2. For those who are interested in the build process.
  3. The shadows of the foreground elements are cast by the same light casting the shadows of the background elements. They are all placed in scene so they pick up the same light. The thing that is impossible to see here is the distance. If you were to look at this from the top down, you'd see the shadows are very, very long. The buildings are very far from the subjects and by the time the shadow length reaches the foreground subjects, it has begun to soften. The shadows from the foreground elements are very close to the camera, but if you were able to zoom out to see them fully, you'd see that they too soften near the end. The color of the sky and haze were added after the fact of course, and yes, you could argue that they might affect the brightness of the suns (tatooine has two), but this place, or universe doesn't exist and we really don't know what having two suns would mean in an atmosphere, so it'll stand as completed.
  4. Problem is UI. Publisher is a layout tool at its core, like InDesign, which I wouldn't use either for high-end photo manipulation or compositing work. I do own all three apps, and I do know how they can all be accessed from Publisher, but workflow would be drastically different, and in my opinion, counter to that of a professional workflow for this particular type of work. I do appreciate you taking the time to offer the suggestion, I just don't feel it's necessarily the right approach for the work I do. Thanks Walt!
  5. So, as part of a timelapse video I'm making for YT, I went back and redid this image. This time with some custom assets and a wider aspect ratio. I like this one better.
  6. Thanks, Walt. But for the work I do, jumping to Publisher doesn't seem like a reasonable option. I do own Publisher by the way, but I use it for what it it's intended for, and not that often. I use AP for high-end composite work, so jumping into Publisher, to scale an image layer just doesn't work well. Thanks for chiming in though. At least now I know that I can scale down and back up any layer without losing image quality. That was the more important question I had. For now, I can just eyeball the scale if/when needed.
  7. Is there a way to see what the original dimensions were? For example, I have a layer that is 400x400px and I scale it down to 120x120, but then decide later that i want it back to its original size. Do I have to remember what my original size was, or is there some info setting that will show me its original size?
  8. Interesting. Ok, so image layer or pixel layer, whatever the dimensions of the layer when the image is added to the scene, they'll remain constant and quality will not degrade if resized down, then back up, so long as the project is not exported? I imagine rasterizing will commit the resolution as well, which is probably why I was confused about this, seeing that pixel layers are rasterized layers. Thanks Old Bruce.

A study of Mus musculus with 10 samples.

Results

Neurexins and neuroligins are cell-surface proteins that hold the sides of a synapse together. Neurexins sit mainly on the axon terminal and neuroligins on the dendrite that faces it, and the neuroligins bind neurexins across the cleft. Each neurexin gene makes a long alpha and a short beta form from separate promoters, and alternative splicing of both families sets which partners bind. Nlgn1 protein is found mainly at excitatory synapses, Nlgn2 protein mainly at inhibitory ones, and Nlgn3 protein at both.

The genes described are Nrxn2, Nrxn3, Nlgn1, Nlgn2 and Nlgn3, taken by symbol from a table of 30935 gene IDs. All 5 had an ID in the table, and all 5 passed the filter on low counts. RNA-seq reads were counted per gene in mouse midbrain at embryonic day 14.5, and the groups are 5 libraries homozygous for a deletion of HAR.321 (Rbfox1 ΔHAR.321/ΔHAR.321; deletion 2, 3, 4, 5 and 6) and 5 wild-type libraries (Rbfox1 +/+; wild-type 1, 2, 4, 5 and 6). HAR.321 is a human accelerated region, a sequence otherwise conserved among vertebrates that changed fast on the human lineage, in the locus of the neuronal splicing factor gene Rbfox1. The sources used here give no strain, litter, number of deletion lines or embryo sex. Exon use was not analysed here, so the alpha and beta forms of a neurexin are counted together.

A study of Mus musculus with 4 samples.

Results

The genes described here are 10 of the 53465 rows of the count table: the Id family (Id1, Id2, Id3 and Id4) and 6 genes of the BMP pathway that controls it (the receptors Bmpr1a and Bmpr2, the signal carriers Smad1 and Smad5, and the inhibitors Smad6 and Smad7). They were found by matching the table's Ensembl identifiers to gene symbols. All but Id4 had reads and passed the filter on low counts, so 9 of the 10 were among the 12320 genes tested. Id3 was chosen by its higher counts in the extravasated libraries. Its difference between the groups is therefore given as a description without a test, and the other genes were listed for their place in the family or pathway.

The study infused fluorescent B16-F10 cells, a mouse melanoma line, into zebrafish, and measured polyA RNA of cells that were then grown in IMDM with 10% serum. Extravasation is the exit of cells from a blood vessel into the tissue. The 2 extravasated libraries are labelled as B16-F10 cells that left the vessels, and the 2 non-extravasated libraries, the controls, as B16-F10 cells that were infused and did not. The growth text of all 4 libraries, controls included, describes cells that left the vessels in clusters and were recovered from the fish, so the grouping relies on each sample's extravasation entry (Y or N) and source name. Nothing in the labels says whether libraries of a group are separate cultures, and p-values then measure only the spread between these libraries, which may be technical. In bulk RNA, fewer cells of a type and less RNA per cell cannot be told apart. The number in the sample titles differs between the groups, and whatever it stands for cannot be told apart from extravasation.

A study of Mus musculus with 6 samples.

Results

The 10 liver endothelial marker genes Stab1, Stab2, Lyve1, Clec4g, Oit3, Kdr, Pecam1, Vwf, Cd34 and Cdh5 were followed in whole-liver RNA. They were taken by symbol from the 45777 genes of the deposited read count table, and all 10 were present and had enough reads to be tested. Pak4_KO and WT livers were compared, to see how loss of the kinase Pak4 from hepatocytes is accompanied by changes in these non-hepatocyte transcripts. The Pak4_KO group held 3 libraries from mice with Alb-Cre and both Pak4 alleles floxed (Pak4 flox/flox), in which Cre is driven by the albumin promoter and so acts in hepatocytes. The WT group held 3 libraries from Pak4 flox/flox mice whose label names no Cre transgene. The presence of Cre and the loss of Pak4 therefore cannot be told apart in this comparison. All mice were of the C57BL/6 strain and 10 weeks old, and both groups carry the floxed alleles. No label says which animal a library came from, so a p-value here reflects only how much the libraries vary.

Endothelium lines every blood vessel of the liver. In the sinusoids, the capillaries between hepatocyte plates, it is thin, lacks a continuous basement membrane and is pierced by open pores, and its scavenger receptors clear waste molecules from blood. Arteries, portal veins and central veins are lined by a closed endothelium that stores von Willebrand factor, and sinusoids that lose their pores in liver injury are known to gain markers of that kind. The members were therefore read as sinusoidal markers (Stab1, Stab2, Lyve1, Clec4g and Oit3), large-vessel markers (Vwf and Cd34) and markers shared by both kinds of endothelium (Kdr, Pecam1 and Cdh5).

9. It already is. For example, for my composite work I rely heavily on OpenEXR Multi-Layer renders out of my 3D applications. Photoshop can not read this files. Photoshop on Windows can, but requires a 3rd party plug-in. This plug-in does not exist on the Mac, but that's sort of irrelevant as Photoshop should have this functionality built in. Affinity Photo on the other hand reads and works in these files perfectly and natively. In my book, that's a huge win for AP and something that has me considering officially disconnecting the remaining Adobe subs I have this year.
  10. Yeah, optimization for M1 and Metal are key. If apps or plugins are not yet optimized for M1 you won't experience much improvement in performance. Affinity Photo however is significantly optimized for Metal and M1 so you shouldn't be experiencing any problems. I find that AP runs faster on my M1-Max than it does on my PC with an RTX GPU. If you're having issues in AP, something is off.
  11. I routinely work in 32bit linear for my composites. This in fact why I use AP over PS, as PS will not read OpenEXR files. I've not found any hangups or lag in AP, and I'm on a MacaBook Pro M1-Max, which is pretty close to what you're using. I wonder if something else is going on.
  12. Hey Guys, I know that when importing images in to AP, an (image) layer will maintain its original quality when scaling down then back for for example. I know once converted to a (pixel) layer, this will no longer be the case. Effectively, an (image) layer sort of works like a smart object in Photoshop, though not as powerful. My question is: Is it possible to convert a pixel layer to an image layer, so from that point forward it will retain its image quality as mentioned above, sort of like a Photoshop smart object. Thanks in advance!!
  13. As Walt said, working in linear formats requires a special workflow. There are a couple of videos by James Ritson on this topic, on the AP site and YT. Bottom line is you'll need to end up with a 8 of 16 bit, non-linear file for it to look correct in a non-linear, color-managed file format such as PNG or JPEG.
  14. I wouldn't consider myself a super fan either, but I do enjoy the films... mostly the original 3. The Wee Jedi and the sky are photographs. Everything else was created in 3D software. Thanks for the compliment!